June 8, 2007 -- Obese women on a low-fat diet lose weight, but they lose more if they eat more low-calorie-density fruits, veggies, and soups.

The finding comes from a year-long study based on the principles of the "Volumetrics" diet proposed by Penn State University researcher Barbara J. Rolls, PhD. Consumer Reports recently gave Volumetrics the top rating among popular diet plans.

The diet cuts way back on fats, which ounce-for-ounce carry more calories, making them more calorie dense than any other food. But the study offers a big bonus: You get to eat lots of water-rich, low-density foods such as fruits, vegetables, and soups.

It works in short-term studies. But can it work for longer periods?

Rolls, Julia A. Ello-Martin, PhD, and colleagues enrolled 97 obese women whose average weight was about 200 pounds. The women were stratified by age and severity of obesity and then randomly assigned to one of two diets.

Half the women went on a low-fat diet. The other half went on the same low-fat diet but was told to eat more water-rich fruits, vegetables, soups.

Of course, the women didn't just go on a diet. They got lots and lots of help.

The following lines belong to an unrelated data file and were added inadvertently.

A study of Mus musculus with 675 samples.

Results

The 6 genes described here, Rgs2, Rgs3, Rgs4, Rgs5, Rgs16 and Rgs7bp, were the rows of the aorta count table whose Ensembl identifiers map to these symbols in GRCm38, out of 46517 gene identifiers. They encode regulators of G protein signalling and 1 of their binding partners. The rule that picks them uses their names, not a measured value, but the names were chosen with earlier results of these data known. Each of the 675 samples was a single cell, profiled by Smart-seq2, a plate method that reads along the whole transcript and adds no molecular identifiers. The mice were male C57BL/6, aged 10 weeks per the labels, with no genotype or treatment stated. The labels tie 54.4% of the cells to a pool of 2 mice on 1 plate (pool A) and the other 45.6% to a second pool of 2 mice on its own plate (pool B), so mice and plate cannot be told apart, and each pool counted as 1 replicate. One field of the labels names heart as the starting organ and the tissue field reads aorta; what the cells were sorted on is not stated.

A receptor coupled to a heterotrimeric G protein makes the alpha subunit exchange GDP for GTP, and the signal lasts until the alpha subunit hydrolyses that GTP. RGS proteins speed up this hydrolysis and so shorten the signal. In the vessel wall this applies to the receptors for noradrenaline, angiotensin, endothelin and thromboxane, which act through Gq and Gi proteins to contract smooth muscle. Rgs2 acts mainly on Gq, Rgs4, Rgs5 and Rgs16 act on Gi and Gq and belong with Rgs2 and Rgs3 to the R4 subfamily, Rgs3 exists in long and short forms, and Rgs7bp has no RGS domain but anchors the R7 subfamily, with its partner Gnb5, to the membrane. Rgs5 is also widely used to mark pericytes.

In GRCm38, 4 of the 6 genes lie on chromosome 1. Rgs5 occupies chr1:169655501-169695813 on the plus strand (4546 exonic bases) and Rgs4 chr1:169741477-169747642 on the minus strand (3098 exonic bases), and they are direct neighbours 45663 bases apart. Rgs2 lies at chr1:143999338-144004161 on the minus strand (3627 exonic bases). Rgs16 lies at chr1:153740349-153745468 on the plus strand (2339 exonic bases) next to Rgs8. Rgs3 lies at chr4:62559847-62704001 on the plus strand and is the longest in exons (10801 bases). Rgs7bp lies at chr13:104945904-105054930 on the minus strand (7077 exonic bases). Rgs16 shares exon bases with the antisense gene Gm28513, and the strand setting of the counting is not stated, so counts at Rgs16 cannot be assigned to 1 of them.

For the first six months, women in both groups had individual, 30-minute, weekly sessions with a dietitian. They also were taught new cooking techniques, including how to modify their favorite recipes to reduce their fat content. And they got lessons on grocery shopping, dining-out strategies, and meal/snack ideas.

Moreover, the women received behavior therapy stressing self-monitoring, goal-setting, social-support networks, coping with emotional eating, managing stress and the environment, overcoming obstacles, problem solving, and handling setbacks.

Physical and deprivation while reducing calories, Ello-Martin says in a news release.

The study appears in the June issue of the American Journal of Clinical Nutrition.

  • Struggling to lose weight? Find the WebMD Dieting Club that's right for you!